My son turned 18 on January 1. It is a milestone for him, and a good time for me to reflect on what it means to be a mother. Being a mom has provided me with so much joy, and has certainly helped me to be less selfish, more loving, fun and creative.
I had my son much later in life, so I had the opportunity to volunteer and work abroad for many years. In 1987, I sold all my possessions so that I could volunteer at an orphanage in Bangladesh. To say that this experience was life-changing is an under-statement. I was not prepared at all for the culture shock and poverty. Despite the challenges during my six month stay, I learned several powerful and meaningful life lessons that have stayed with me all these years.
The orphanage was located in Dhaka, the capital city.There were approximately 400 children and handfuls of staff including cooks, nurses, teachers and administrators. I was one of six volunteers. At least once per week, a young mother would show up at the locked gates holding an infant or young child. She would drop to our feet and beg us to take her child. Our job was to ensure that the child was actually an orphan so we would travel back to the mother’s home and interview the neighbours. When the neighbours confirmed that the child had parents, the mother would again throw herself at our feet, crying and begging for us to take her child. My younger and more judgemental self was shocked. How could a mother abandon her child? What kind of mother could do this? I now understand why.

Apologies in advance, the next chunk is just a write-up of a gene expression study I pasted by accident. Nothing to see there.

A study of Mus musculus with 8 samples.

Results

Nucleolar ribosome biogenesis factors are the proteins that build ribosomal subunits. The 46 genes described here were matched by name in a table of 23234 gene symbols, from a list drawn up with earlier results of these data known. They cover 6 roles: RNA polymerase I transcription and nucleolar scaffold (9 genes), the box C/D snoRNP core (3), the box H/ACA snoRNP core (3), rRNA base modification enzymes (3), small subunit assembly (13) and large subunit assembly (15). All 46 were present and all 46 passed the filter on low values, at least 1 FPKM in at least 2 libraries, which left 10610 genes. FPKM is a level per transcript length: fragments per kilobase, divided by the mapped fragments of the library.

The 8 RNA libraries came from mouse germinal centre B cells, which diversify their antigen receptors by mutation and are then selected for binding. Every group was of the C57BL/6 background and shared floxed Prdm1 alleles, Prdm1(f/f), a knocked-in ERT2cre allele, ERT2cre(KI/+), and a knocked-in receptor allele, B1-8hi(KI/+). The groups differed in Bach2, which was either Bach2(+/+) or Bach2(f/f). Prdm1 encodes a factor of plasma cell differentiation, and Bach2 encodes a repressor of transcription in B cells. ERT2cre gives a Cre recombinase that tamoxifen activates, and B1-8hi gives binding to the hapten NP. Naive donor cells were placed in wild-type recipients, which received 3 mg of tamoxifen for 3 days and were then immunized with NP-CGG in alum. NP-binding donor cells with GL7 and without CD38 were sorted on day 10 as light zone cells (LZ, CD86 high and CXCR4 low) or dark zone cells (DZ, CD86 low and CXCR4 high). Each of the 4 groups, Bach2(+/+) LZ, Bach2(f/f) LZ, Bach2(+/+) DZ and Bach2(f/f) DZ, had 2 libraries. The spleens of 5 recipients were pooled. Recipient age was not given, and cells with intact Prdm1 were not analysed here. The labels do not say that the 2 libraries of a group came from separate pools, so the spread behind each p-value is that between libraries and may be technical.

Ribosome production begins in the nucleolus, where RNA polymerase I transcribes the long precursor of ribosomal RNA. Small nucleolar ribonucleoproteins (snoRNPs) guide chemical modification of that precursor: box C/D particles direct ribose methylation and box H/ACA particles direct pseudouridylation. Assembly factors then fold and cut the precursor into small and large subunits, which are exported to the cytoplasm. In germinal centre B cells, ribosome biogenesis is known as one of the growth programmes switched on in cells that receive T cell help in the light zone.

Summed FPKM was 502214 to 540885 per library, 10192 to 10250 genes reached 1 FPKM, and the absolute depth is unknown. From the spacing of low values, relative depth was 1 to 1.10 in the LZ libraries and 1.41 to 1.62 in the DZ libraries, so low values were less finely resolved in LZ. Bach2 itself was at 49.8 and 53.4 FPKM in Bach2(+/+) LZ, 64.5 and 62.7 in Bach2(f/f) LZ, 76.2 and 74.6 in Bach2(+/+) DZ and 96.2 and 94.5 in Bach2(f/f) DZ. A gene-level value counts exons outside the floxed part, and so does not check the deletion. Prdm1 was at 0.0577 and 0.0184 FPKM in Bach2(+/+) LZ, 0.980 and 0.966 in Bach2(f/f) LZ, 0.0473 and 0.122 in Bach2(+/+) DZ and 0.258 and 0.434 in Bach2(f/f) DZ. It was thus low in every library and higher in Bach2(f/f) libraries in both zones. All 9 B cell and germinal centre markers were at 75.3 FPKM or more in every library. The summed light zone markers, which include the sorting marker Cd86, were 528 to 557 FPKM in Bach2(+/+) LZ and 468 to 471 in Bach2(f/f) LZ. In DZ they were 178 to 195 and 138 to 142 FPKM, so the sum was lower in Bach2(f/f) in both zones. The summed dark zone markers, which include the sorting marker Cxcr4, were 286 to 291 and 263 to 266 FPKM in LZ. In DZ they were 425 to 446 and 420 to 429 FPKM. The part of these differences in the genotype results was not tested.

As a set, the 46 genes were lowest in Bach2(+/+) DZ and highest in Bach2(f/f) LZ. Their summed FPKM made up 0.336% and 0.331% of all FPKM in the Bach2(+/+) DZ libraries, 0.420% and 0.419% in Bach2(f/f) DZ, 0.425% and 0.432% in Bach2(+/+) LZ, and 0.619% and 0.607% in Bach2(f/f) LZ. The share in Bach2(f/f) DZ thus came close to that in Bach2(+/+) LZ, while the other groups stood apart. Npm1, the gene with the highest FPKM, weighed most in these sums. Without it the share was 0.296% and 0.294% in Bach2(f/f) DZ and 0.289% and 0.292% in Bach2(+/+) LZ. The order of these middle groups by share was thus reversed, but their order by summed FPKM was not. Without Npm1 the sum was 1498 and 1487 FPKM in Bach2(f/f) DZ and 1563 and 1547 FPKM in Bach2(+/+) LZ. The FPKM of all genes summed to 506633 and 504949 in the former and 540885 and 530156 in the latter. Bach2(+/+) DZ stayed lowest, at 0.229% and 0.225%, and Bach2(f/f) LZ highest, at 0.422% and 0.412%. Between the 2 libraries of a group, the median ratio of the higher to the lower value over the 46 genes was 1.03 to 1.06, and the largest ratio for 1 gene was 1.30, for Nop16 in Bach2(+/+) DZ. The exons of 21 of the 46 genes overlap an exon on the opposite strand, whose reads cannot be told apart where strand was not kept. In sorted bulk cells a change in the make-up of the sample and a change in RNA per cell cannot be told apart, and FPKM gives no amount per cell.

Children at the orphanage were provided with clothing, health care, an education, and three meals a day. What mother would not want to provide these things for her children? It must have been agonizing for these mothers to consider that the only option would be to leave her child with strangers. As a mother, I now understand this act of love.
I keep the photo in this piece in my office .I gaze at it every day as a reminder to be grateful for everything that I have, and for being able to provide for my child. I am grateful that in my country of abundance, I have never had to consider a Bangladeshi mother’s agonizing act of love.